Saturday, January 4, 2014

Louis Braille’s Birthday

 4 January 1809 – 6 January 1852) was the inventor of braille, a system of reading and writing used by people who are blind or visually impaired. As a small child, Braille was blinded in an accident; as a boy he developed a mastery over that blindness; and as a young man – still a student at school – he created a revolutionary form of communication that transcended blindness and transformed the lives of millions of persons. Almost two centuries later, the braille system remains an invaluable tool of learning and communication for the blind, and it has been adapted for languages worldwide.

Braille was determined to fashion a system of reading and writing that could bridge the critical gap in communication between the sighted and the blind. In his own words: "Access to communication in the widest sense is access to knowledge, and that is vitally important for us if we [the blind] are not to go on being despised or patronized by condescending sighted people. We do not need pity, nor do we need to be reminded we are vulnerable. We must be treated as equals – and communication is the way this can be brought about.

 Braille worked tirelessly on his ideas, and his system was largely completed by 1824, when he was just fifteen years of age. From Barbier's night writing, he innovated by simplifying its form and maximizing its efficiency. He made uniform columns for each letter, and he reduced the twelve raised dots to six. He published his system in 1829, and by the second edition in 1837 had discarded the dashes because they were too difficult to read. Crucially, Braille's smaller cells were capable of being recognized as letters with a single touch of a finger.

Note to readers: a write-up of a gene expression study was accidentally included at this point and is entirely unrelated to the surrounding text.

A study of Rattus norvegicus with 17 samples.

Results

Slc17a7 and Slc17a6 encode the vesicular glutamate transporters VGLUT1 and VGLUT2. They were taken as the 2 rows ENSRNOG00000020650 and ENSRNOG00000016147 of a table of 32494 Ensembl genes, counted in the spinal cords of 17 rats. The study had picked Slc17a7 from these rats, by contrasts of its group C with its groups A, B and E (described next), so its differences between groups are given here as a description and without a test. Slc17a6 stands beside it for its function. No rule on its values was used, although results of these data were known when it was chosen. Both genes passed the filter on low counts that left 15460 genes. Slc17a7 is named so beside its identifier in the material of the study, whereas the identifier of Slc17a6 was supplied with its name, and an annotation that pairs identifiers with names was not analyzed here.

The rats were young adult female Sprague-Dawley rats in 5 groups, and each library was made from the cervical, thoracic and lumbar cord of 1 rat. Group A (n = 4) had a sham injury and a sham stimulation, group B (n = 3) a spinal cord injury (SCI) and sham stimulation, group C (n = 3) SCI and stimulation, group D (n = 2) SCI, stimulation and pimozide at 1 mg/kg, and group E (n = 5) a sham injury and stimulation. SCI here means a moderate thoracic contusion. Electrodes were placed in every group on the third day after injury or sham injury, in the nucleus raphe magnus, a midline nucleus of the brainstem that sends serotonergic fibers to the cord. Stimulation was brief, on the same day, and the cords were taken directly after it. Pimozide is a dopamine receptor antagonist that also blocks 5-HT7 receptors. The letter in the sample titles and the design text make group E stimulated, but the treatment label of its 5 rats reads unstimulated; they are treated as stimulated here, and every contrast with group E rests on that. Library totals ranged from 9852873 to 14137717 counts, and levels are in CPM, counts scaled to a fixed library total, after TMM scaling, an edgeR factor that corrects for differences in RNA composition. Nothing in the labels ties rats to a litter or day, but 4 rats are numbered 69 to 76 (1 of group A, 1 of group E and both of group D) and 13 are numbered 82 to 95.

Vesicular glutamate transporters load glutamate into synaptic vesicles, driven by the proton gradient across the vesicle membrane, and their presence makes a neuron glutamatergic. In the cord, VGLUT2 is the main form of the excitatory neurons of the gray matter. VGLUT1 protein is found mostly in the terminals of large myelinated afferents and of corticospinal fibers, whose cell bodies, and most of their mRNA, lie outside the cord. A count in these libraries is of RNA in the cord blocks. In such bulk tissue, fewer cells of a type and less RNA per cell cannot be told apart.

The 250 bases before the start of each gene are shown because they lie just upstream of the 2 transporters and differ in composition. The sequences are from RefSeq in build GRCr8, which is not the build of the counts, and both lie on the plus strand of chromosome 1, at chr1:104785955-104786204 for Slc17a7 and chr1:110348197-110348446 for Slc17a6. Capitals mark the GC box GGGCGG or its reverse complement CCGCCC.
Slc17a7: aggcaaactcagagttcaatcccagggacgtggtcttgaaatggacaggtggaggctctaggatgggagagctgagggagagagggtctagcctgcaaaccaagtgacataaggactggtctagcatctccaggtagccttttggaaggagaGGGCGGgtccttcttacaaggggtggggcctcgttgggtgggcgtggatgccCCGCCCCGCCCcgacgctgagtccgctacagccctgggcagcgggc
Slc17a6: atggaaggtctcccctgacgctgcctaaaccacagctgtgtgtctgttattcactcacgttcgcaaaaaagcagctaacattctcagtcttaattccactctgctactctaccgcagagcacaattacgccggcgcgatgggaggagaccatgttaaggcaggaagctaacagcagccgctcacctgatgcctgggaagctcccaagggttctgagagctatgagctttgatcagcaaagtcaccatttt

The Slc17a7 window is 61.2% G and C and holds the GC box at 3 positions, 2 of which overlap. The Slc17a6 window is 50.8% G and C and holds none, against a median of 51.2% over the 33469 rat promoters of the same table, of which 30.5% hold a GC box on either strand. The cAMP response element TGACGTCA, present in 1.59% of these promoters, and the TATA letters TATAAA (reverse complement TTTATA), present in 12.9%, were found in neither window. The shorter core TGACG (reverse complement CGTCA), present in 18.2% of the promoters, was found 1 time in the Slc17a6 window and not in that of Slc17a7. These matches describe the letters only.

Braille created his own raised-dot system by using an awl, the same kind of implement which had blinded him. In the process of designing his system, he also designed an ergonomic interface for using it, based on Barbier's own slate and stylus tools: by soldering two thin bars across the slate, he created a secure area for the stylus which would keep the lines straight and readable. By these modest means, Braille constructed a robust communication system: "it bears the stamp of genius" wrote Dr. Richard Slating French, former director of the California School for the Blind, "like the Roman alphabet itself
Although Braille was admired and respected by his pupils, his writing system was not taught at the Institute during his lifetime. The successors of Valentin Haüy, who had died in 1822, showed no interest in altering the established methods of the school, and indeed, they were actively hostile to its use. Dr. Alexandre François-René Pignier, headmaster at the school, was dismissed from his post after he had a history book translated into braille.
Braille had always been a sickly child, and his condition worsened in adulthood. A persistent respiratory illness, long believed to be tuberculosis, dogged him, and by the age of forty, he was forced to relinquish his position as a teacher. When his condition reached mortal danger, he was taken back to his family home in Coupvray, where he died in 1852, two days after he had reached the age of forty-three.